During his Monday morning appearance on Breitbart News Daily with SiriusXM host Stephen K. Bannon, former Assistant U.S. Attorney and National Review senior fellow Andy McCarthy described the sentencing reform bill that could slash mandatory minimum sentences as the product of an unhealthy political alliance — “the worst combination of bad elements coming together.”
McCarthy said this alliance includes “the Black Lives Matter movement: the people who, hilariously, want to say that the criminal justice system is racist.”
He found some humor in the notion that the famously left-leaning legal profession would produce an “institutionally racist system.”
“It actually pretty much bends over backward the other way, which is why you get voodoo like ‘disparate impact’ theories, and that sort of stuff get accepted in court, ” he said. “They’re open to that kind of lunacy. This is the least racist institution that you can imagine, and everything from the Left side critique of this proceeds on the premise that the system is institutionally racist.”
On the conservative side of sentencing and criminal justice reform, McCarthy noted there were people who “are either of a libertarian bent of mind, or see themselves as Constitutional conservatives, who think that law enforcement is inherently a state function, that the federal government shouldn’t have anything to do with it anyway. Therefore, they’re open to almost anything that cuts out the federal role in law enforcement.”
“So you have this sort of circle of people coming together, plus you have people like Ryan and the Republican establishment, who are dying to show that they can govern and make Washington work,” said McCarthy, referring to House Speaker Paul Ryan. He agreed with Bannon that pursuit of media approval for their ostensible compassion and sensitivity was another reason GOP Establishment figures often fell in line behind liberal programs.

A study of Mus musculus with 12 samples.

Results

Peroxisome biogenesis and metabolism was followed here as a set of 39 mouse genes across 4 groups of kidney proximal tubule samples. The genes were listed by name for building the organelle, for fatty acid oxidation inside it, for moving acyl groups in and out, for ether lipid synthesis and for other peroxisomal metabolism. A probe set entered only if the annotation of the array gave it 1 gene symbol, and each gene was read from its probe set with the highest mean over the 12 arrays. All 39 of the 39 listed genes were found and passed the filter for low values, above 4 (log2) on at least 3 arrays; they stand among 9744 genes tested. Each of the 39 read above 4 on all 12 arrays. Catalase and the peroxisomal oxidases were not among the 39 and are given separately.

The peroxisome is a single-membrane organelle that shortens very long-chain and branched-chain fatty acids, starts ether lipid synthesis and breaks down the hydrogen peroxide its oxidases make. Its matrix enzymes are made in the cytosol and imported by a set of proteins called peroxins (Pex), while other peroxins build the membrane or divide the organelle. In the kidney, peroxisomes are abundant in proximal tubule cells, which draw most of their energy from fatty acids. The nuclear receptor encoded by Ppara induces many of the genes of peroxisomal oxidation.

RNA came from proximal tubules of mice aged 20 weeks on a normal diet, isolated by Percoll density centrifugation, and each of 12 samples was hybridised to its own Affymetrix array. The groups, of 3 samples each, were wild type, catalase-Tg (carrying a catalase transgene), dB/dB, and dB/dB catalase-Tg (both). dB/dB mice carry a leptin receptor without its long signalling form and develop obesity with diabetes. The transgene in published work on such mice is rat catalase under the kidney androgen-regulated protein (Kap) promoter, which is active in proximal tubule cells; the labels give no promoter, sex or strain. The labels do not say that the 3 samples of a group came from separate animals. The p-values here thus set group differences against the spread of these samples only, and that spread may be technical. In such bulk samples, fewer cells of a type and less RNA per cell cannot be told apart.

This misguided alliance between the Left, libertarian Right, and Republican leadership is attacking policies like mandatory minimum sentencing, which McCarthy noted “is crucial to the government for both breaking up these big drug cartels and these big drug organizations, and getting cooperation on them.
“They say there’s something wrong with the mandatory minimums, that they take away the judicial function,” he observed. “You know, when I was a young prosecutor, one of the first big drug cases I had, we get to sentencing day, and I’m expecting the judge to throw the book at the guy. And the judge turns to the defendant before he sentences him and says, ‘You know, I believe you lied in your testimony, but I understand why you thought you needed to do it’ — and basically walked him out the door. And that was the kind of stuff that was going on before mandatory minimums were put in, in the mid-1980s or so.”
“What I want people to understand about mandatory minimum is: this is you, the American people, deciding what kind of sentences serious offenders should have,” McCarthy said.
“What was happening, in the case of serious offenses, because we have a lot of left-leaning judges walking people who should have been in jail out the door,” he explained. “And what happened was the people’s representatives — who get to control things like sentencing and the definition of crimes — got together and said, ‘No, no, no, if you do X crime, if it’s drugs and it involves this amount of narcotics, you have to do 5 years. And if it’s a bigger amount, you have to do 10 years. And if there’s a gun involved, we’re gonna tack 5 more years on.’ The reason they did this was precisely to prevent judges from treating serious felony conduct like it was frivolous.”
“The great thing about it is, if we get it wrong, the people’s representatives can amend the laws — you know, tweak them up or tweak them down,” he emphasized. “But what they want to take us back to is a system where there’s basically no rules. If you want to go back to a system like that, we can do that, but you know, President Obama’s going to have put on about 400 judges on the bench by the time he’s done. If you think that’s a good environment for letting these judges just decide, on their own, how much time serious offenders should do, I think we’re gonna have havoc.”